Dr. Genny Beemyn is Director of the Stonewall Center for Gender Identity at the University of Massachusetts, Amherst. They are the Trans Policy Clearinghouse coordinator for Campus Pride, and an editorial board member and trans article reviewer for the Journal of LGBT Youth, the Journal of Bisexuality, and the Journal of Homosexuality. Dr. Beemyn is the editor or author of nine journal articles and books, including Lives of Transgender People (with Susan Rankin, Columbia University Press, 2011) and the “Transgender History” chapter in Trans Bodies, Trans Selves (Oxford University Press, 2014).
Dr. Mark G. Birchette is a professor of biology at Long Island University, where one of his specialties is the biology of racial differences. Among his publications related to his specialties, Dr. Birchette is an Editor of The Idea of the Human (XanEdu Publishing, Inc., 2012) and co-author of “Comparing Genetic Ancestry and Self-Described Race in African Americans Born in the United States and in Africa,” in Cancer Epidemiology, Biomarkers & Prevention (June 2008). Dr. Birchette also delivers lectures on the passion for teaching; including his experiences teaching his first college class as a tenure-track professor of color.
Dr. Andrei Cimpian is a professor of psychology and Director of the Cognitive Development Lab at the University of Illinois Urbana-Champaign. His research interests include stereotypes and prejudice and gender gaps in achievement and representation. Dr. Cimpian is the author and co- author of many journal articles, including the recent, “Expectations of brilliance underlie gender distributions across academic disciplines,” in Science (March 2015). Dr. Cimpian has contributed to The Economist, The Wall Street Journal, The Washington Post, National Science Foundation, The Chronicle of Higher Education, Science News, and Smithsonian.
Dr. Nilanjana Dasgupta is a professor of psychology at the University of Massachusetts, Amherst. Her research has profoundly affected our understanding of how unconscious bias influences decisions, including decisions made in academic communities. She writes, “I’m interested in how the culture in which people live shapes their mind and affects their overt and covert social behavior toward disadvantaged and advantaged groups.” The author of over 50 publications, Dr. Dasgupta’s research challenges the assumption that implicit prejudice and stereotypes are immutable and identifies circumstances under which they can be changed.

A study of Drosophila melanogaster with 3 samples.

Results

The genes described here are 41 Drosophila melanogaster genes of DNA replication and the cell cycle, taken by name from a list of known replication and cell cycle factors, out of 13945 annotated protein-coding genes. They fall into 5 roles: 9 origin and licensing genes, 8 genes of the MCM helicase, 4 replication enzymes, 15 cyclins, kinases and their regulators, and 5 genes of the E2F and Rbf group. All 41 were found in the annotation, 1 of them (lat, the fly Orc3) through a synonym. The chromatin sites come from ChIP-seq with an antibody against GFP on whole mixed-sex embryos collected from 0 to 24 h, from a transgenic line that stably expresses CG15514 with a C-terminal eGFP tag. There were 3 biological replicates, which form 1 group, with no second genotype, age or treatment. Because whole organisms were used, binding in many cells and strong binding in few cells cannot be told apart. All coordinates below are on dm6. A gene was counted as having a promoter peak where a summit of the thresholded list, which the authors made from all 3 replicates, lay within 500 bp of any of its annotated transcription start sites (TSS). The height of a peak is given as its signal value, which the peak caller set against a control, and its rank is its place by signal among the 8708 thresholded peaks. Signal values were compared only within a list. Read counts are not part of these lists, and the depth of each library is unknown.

Sandra B. Durant, Esq. is an attorney with a distinguished record who has taught at four law schools, most recently as Assistant Professor at Arizona Summit School of Law. She is on the Editorial Board of the American Law Institute-American Bar Association publication “The Practical Lawyer.” Durant is an experienced civil and employment rights litigator. Her publications include “The Application of American Anti- Discrimination Laws in a Global Work Environment” and “How Anti-Discrimination Laws Apply to Foreign Enterprises in the United States”. She has lectured extensively, including before the American Bar Association, The Conference Board, and the National Bar Association.
Dr. Marybeth Gasman is a professor of education at the University of Pennsylvania Graduate School of Education. She is an historian of higher education and a leading authority on historically black colleges and universities. Dr. Gasman is the author or editor of 21 books in her field and is a regular contributor to the Chronicle of Higher Education, Diverse Issues in Higher Education, The Huffington Post, The New York Times, and The Washington Post. Her current investigations are focused on student success (with Clif Conrad) and increasing faculty of color in the sciences at Minority Serving Institutions (with Yvonne Paterson).
Dr. Christina Gomez is a professor of liberal arts and the Director of Academic Affairs for Diversity & Inclusion at the School of the Art Institute of Chicago. Her research has concentrated on racial identity construction, discrimination, and immigration. Dr. Gomez is the author of numerous articles that focus on such topics as skin color discrimination, construction of Latino identity, politics of bilingual education, and experiences of undocumented students in higher education. She has received many prizes and fellowships, including from the Henry Luce Foundation, the National Science Foundation, and a Faculty Excellence Award (2013) from Northeastern Illinois University.
Dr. Derald Wing Sue is a professor of psychology and education at Columbia University Teachers College. He is one of the most cited multicultural scholars in the United States and a foremost scholar of microaggressions. Dr. Sue’s scholarly interests include multicultural counseling and psychotherapy, psychology of racism and antiracism, cultural diversity, cultural competence, and multicultural organizational development. He is the author of many articles and book chapters. His influential books include Counseling the Culturally Diverse, Microaggressions in Everyday Life, and most recently, Race Talk and the Conspiracy of Silence.